Lisa Wright

Richard Brennan
Staff Reporters
Canadian retailers big and small are starting to slash prices amid a growing chorus of complaints from consumers about higher prices here than in the U.S., despite the red-hot loonie.
Responding to mounting public pressure, Finance Minister Jim Flaherty is encouraging retailers to reflect the strong dollar in their pricing and stem the tide of cross-border shopping – an increasingly popular pastime now that Canadians have more purchasing power.
Flaherty is expected to reinforce his message when he meets with the Retail Council of Canada and several large retailers on Tuesday in Ottawa. Companies expected to be represented at the meeting include Toys "R" Us Inc., Forzani Group Ltd., Staples Inc., Wal-Mart Canada Corp. and Hudson's Bay Co., an aide to Flaherty confirmed.
A few are relenting ahead of that. Yesterday, Zellers became one of the first national retailers to move prices closer to U.S. levels on more than 250 items, from diapers and detergent to digital cameras and camcorders.
Wal-Mart Canada also cut prices this week on "higher profile" items, namely video games, DVDs, music and toys, ahead of the key Christmas shopping season.
Toronto bookstore Mabel's Fables, at Mount Pleasant Rd. and Eglinton Ave., has posted a sign at its cash register saying it is selling its children's books for the U.S. price on the jacket, in Canadian currency, plus $1 for paperbacks and $2 for hardcovers.
"We thank you for your understanding, support and loyalty and in the meantime ask your friends to not abandon our local neighbourhood stores for the U.S. Internet goliaths. Negotiate with Canadian retailers before you go south, please," says the sign at Eleanor LeFave's quaint shop.
"The way that stuff is priced coming out of the States is kind of dopey," noted Bay Bloor Radio manager Peter Kelly, who says he's mystified by the price spreads lately on identical products.
The Toronto electronics store has been waving the Canadian flag in its recent radio ads, saying it can now offer a Yamaha stereo system for $100 less, at $699, thanks to the weaker U.S. currency.
The seemingly unstoppable Canadian dollar closed at $1.0355 yesterday, up another 0.85 of a cent (U.S.) Many forecasters are saying it's expected to climb higher in the coming months, mainly due to the sluggish U.S. economy.
While some retail chains and individual shops are coming around, they're only the tip of the iceberg. Big-ticket items in Canada are still super-pricey compared with the U.S., including cars and electronics.
Retailers have been under fire in recent weeks for refusing to trim prices despite the soaring loonie. Consumers are complaining that even though the Canadian dollar has overtaken the U.S. greenback, prices across the country are still far higher for comparable products.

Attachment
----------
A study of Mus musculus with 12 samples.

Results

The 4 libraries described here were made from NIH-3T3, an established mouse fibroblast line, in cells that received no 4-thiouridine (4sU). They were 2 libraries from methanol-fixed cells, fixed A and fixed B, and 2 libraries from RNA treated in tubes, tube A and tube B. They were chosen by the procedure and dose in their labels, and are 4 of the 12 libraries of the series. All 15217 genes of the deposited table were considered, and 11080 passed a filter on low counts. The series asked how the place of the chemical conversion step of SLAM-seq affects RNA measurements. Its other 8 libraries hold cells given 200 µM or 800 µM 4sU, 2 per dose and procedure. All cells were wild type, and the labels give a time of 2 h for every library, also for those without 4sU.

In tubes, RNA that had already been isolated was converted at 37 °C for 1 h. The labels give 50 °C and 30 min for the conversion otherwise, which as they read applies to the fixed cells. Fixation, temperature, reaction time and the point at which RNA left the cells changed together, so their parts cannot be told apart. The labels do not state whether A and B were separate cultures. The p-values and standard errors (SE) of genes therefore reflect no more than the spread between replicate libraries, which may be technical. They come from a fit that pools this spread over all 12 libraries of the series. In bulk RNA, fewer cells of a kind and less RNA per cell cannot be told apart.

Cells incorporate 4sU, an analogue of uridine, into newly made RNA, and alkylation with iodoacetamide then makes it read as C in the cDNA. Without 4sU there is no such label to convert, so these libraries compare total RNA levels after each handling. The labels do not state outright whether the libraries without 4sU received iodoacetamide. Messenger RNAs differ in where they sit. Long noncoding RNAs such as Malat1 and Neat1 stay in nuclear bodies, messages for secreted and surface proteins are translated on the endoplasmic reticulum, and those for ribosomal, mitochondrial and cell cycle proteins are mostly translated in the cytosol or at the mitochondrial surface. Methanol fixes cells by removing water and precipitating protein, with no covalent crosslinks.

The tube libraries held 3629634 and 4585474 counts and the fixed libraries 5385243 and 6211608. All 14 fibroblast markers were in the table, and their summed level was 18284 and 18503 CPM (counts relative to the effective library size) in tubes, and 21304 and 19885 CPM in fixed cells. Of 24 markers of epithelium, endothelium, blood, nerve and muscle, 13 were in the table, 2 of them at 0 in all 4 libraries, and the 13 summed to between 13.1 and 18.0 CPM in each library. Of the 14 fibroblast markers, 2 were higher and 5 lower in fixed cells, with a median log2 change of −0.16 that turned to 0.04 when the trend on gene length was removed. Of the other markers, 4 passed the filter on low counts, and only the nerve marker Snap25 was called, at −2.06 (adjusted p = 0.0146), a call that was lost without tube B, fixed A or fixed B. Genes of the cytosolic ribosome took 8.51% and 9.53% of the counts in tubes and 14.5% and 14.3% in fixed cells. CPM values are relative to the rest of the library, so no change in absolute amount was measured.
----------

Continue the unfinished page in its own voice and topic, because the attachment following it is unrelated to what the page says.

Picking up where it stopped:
For his part, Flaherty is claiming victory in putting the retail industry's feet to the fire.
"This is good news for consumers in Canada that some of the retailers have started to be responsive to the need to reduce their prices, given the increased purchasing power of the Canadian dollar.
"I've been encouraging them to do that," the finance minister told reporters at meetings of the G7 finance ministers and central bank governors.
But Retail Council president Diane Brisebois said everyone is pointing fingers at the wrong people.
Product manufacturers and importers are to blame for the price disparity, she said.
"We're upset and we've had enough. We're not gouging people and we're going to tell him (Flaherty) exactly that at our meeting," she said.
Flaherty said he has already encouraged representatives of the Retail Council to do two things: disclose their pricing practices in terms of the U.S. dollar so Canadian consumers understand the differences, and get their prices down as soon as possible.
"It won't all happen overnight ... and different sectors of the retail economy have different realities in terms of pricing, but they should explain that, and that helps consumers be more informed. And then above all, consumers should shop and get the best prices," he said.
"I just want the market to work and I want prices to go down to reflect the increased purchasing power of the Canadian dollar."
Zellers' privately run parent company HBC may eventually expand its pricing initiative to all five of its Canadian retailers, including The Bay, Home Outfitters, Designer Depot and Fields.
HBC spokesperson Hillary Marshall said the company made the move on its own and was not pressured by Flaherty.
"We wanted to do something that makes an immediate difference on the average Canadian's wallet," she said, noting everything from Windex to Xbox can be bought now at a lower price.
"Consumers should not have to pay a higher price if our dollar is higher," agrees Andrew Pelletier, a spokesman for Wal-Mart Canada.
He said the company is aggressively negotiating with suppliers to achieve parity – and even beyond – on items that are currently much cheaper in its American stores. More price announcements will be made next week, he said.
Both federal and provincial governments worry that if prices don't start to drop, the number of cross-border shoppers will grow in leaps and bounds, resulting in lost tax dollars.
About 90 per cent of Canadians live within 160 kilometres of the U.S. border.
Flaherty said that, in the end, he can only use moral suasion.
"We're not about to fix prices," he said.
However, he added, the Department of Finance and the federal government have an obligation to speak for Canadians and to say to participants, "Hey, make sure that you let the market work."